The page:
SIBO and Its Association with Other Diseases

Small intestinal bacterial overgrowth (SIBO) is the presence of excess colonic bacteria in the small intestine. In contrast to the large intestine, the concentration of the bacteria in the small intestine rarely exceeds 1,000 organisms/ml. This is because gastric acid secretion and intestinal motility limit the overgrowth of bacteria in the small intestine. When these protective mechanisms against excessive bacterial growth fail, small intestinal bacterial overgrowth (SIBO) can result.

SIBO is associated with several symptoms that typically include gas, abdominal pain, nausea, fatigue, diarrhea, constipation, and bloating. This condition may also irritate the liver. Associations with other diseases have been established and they include rosacea, interstitial cystitis, prostatitis, restless leg syndrome, and fibromyalgia. [1]

Related Post: New Research on the Cause of SIBO

The Effect of SIBO on Vitamin K2 and Arterial Health

Intestinal bacteria are the main source of vitamin K2 in the human body; more than diet. SIBO alters the production of K2, leading to a relative K2 deficiency. The main types of K2 that we are interested in are vitamin K1 and vitamin K2. K2 is most important for arterial health. Vitamin K2 works with the matrix GLA protein to maintain arterial health, flexibility, and prevent arterial calcification.[2]  The GLA protein regulates calcium entry into arteries.

Several studies have established an association, but I find it more interesting looking at the causation.

Another way the microbiome is involved is through the production of a metabolite called trimethyl amine-N-oxide (TMAO). The foods most likely to raise TMAO levels include red meat, eggs, and cheese.  These foods contain carnitine and/or phosphatidylcholine. An imbalanced and unhealthy gut microbiome can turn these substances into TMAO. TMAO is directly linked to arterial disease, heart disease, and kidney disease. [3]  TMAO levels tend to be lower in pure vegetarians (but not always), and tend to be higher the more meat, cheese, and eggs someone eats. Despite this, treatments work without taking the animal food out.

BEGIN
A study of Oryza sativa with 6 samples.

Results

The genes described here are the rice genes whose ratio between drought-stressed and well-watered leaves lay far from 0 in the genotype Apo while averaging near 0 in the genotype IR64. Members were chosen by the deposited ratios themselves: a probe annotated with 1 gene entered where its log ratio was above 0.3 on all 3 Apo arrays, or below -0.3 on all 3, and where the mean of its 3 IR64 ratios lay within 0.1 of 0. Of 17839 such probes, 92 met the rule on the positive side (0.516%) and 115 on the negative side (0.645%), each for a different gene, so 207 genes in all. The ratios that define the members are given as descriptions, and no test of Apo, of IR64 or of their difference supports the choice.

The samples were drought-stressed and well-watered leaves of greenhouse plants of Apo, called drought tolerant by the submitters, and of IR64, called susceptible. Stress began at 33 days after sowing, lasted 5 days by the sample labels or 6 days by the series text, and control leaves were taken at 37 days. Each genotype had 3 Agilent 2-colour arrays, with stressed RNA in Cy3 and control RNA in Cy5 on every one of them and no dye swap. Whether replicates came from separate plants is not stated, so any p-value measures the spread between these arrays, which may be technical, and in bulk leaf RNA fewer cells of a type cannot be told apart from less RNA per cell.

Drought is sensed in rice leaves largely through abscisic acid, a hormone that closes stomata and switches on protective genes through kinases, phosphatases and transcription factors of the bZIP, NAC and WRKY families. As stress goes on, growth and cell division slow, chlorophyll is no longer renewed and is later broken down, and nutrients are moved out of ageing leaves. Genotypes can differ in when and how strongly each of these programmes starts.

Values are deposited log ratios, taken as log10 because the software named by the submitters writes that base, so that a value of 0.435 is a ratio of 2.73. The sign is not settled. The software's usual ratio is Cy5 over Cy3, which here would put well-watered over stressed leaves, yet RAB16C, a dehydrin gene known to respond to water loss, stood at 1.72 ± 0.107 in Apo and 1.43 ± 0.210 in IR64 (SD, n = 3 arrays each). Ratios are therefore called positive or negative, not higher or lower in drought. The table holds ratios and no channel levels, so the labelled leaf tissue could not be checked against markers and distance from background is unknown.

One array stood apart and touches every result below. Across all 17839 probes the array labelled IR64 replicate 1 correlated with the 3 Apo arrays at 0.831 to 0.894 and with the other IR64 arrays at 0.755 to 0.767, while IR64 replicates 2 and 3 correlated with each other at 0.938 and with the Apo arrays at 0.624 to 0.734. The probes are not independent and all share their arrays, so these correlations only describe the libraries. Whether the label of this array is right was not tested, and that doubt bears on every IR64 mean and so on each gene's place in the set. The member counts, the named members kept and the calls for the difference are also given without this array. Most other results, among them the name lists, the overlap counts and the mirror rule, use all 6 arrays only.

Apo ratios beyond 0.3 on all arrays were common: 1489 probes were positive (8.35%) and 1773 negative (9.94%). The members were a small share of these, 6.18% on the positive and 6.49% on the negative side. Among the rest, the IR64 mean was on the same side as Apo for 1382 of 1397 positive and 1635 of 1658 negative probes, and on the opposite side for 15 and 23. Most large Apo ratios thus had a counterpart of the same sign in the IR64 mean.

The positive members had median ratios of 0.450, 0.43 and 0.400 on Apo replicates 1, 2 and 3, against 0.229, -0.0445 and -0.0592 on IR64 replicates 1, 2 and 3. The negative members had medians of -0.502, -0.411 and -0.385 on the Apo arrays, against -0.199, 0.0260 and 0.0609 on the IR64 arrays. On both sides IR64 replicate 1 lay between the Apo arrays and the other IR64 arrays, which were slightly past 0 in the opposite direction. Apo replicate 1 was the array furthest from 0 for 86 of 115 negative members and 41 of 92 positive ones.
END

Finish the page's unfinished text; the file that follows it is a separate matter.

Assessing Your Cardiovascular Risk from SIBO

Are you concerned you may have SIBO? Or, do you already know you have SIBO and would like to assess your associated cardiovascular risk? At NatureMed, we can test your Vitamin K2 levels, perform tests to diagnose SIBO, and check your arterial plaque.

Call our office at 303.884.7557 to schedule an assessment.



[1] Adkins C, Rezaie A. Small Intestinal Bacterial Overgrowth and Coronary Artery Disease: What Is in the CArDs? Dig Dis Sci. 2018 Feb;63(2):271-272.

[2] Ponziani FR, Pompili M, Di Stasio E, Zocco MA, Gasbarrini A, Flore R. Subclinical atherosclerosis is linked to small intestinal bacterial overgrowth via vitamin K2-dependent mechanisms. World J Gastroenterol. 2017 Feb 21;23(7):1241-1249.

[3] Tang WH, Wang Z, Levison BS, et al. Intestinal microbial metabolism of phosphatidylcholine and cardiovascular risk. N Engl J Med. 2013;368:1575–1584.